WorldCom reported net income of $729 million, or 25 cents per share, on revenue of $9.7 billion for the quarter ended March 31. That's down from $1.28 billion, or 44 cents, in the year-ago quarter. Analysts were expecting the company to report earnings of 25 cents per share and revenue of $9.8 billion, according to First Call.
The Clinton, Miss.-based company reported an after-tax charge of $76 million associated with previously announced layoffs. In February, the company let go about 6,000 workers, roughly 6 percent to 7 percent of its work force.
It also incurred a $94 million expense charge related to currency issues with its Brazilian Embratel division.
The WorldCom group, which includes the company's data, Internet, international and commercial voice divisions, reported revenue of $6.1 billion, up 12 percent from a year ago.
Sales were particularly strong in Internet services, where revenue rose 22 percent. Data and Internet services accounted for $2.8 billion, or 45 percent, of the group's revenue. Net income for the group was $638 million, or 22 cents per share.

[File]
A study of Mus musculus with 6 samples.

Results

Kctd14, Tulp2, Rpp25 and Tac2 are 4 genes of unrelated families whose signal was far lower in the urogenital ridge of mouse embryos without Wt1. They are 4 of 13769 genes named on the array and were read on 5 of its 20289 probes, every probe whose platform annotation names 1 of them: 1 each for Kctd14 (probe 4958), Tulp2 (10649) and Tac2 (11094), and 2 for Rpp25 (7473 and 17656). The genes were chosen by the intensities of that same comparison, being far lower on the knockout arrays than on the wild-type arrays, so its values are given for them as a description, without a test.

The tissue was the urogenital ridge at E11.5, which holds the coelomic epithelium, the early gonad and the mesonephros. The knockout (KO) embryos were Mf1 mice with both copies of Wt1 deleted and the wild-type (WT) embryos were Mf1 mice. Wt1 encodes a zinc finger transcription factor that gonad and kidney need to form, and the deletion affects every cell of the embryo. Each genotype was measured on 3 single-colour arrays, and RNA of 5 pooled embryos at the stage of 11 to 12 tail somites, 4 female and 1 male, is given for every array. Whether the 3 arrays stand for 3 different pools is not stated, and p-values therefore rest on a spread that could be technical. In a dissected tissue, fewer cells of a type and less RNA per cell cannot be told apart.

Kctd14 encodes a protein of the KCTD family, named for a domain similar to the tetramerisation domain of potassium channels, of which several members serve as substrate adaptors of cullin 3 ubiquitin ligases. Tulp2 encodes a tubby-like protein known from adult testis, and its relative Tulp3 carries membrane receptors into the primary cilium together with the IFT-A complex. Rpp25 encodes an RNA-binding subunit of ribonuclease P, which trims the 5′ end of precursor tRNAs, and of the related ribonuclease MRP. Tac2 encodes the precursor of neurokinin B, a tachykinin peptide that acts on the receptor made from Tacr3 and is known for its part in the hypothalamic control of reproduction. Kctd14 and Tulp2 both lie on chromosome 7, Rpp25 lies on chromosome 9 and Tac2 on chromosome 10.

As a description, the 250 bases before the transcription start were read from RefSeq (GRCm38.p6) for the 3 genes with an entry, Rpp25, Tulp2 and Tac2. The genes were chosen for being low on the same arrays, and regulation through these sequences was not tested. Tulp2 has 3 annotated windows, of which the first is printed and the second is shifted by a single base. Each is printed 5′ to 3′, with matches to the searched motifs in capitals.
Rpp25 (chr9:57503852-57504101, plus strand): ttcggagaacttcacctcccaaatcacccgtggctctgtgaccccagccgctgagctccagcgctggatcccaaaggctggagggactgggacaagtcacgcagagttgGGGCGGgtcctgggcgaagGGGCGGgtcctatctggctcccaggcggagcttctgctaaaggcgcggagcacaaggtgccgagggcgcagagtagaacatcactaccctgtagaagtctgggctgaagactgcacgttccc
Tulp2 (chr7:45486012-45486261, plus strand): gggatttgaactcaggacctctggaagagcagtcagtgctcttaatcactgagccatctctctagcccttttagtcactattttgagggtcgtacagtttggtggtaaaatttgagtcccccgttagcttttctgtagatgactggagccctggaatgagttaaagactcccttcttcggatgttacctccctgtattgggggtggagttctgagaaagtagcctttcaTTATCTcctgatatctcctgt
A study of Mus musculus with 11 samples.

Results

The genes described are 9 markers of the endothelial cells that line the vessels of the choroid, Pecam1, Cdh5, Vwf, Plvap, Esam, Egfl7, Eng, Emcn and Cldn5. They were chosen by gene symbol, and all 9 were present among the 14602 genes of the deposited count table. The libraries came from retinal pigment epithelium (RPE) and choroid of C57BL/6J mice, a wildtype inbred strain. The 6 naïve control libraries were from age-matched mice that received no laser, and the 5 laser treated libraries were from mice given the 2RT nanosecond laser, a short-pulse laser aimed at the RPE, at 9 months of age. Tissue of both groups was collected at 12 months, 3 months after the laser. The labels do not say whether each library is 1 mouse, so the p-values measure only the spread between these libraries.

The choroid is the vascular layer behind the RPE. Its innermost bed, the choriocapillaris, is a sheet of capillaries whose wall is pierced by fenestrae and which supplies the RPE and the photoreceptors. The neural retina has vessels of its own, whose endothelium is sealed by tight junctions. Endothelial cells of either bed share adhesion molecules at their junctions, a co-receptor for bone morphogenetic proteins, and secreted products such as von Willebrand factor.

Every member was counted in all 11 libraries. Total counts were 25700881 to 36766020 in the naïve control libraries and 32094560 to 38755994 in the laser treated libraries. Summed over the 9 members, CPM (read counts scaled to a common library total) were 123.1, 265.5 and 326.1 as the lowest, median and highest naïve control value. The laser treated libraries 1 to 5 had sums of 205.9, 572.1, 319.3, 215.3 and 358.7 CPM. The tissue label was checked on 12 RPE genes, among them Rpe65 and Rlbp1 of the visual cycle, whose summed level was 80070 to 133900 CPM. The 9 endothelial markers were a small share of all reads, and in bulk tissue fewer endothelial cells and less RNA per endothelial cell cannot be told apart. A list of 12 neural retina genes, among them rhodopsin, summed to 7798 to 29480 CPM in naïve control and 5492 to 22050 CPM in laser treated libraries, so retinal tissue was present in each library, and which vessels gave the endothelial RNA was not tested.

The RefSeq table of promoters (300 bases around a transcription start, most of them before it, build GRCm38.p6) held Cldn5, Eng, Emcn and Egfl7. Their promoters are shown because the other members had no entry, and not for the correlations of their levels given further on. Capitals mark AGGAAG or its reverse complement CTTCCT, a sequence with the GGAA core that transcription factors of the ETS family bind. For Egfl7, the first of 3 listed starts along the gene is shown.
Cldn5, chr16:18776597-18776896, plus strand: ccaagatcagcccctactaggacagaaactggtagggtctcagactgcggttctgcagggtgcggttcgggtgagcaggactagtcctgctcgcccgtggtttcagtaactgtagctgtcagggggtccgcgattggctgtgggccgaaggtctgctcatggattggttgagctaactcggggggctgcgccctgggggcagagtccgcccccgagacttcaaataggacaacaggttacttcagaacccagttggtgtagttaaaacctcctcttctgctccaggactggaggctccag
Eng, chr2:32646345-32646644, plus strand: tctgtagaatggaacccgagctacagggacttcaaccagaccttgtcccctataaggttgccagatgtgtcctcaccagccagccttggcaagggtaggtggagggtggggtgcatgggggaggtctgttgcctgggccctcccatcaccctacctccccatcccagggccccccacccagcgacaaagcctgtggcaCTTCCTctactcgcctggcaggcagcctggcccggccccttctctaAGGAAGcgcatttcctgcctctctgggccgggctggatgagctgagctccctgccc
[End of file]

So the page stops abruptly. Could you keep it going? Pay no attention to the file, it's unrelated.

The company's MCI group, which includes consumer, small business, wholesale long-distance, wireless messaging and dial-up Internet access, did not do as well. Sales slipped from $4.2 billion in the year-ago quarter to $3.6 billion, although consumer long-distance and local services saw revenue growth. But slow sales in transaction brands and calling card services as well as wholesale and resale services offset that growth.
The MCI group posted net income of $91 million, or 3 cents per share.
Looking ahead, the company said it expects revenue for the full year for the WorldCom group to grow 12 percent to 15 percent from the preceding year, and earnings per share for that group of between $1.25 and $1.35. For the MCI group, it sees cash earnings of between 25 cents and 30 cents per share, with revenue declining sequentially. That matches previously issued guidance from the company.
The company still plans to create a tracking stock for consumer and wholesale long-distance operations. CEO Bernard Ebbers said that the company will mail documents to shareholders next month and hold a vote on the issue in June.
WorldCom cut its outlook for the year last November, citing weakness in its long-distance telephone business. Despite the slew of warnings from other telecom companies, the stock got a boost earlier this year after Ebbers reiterated the company's outlook at an investment conference. Ebbers also discounted rumors that the company would put itself up for sale.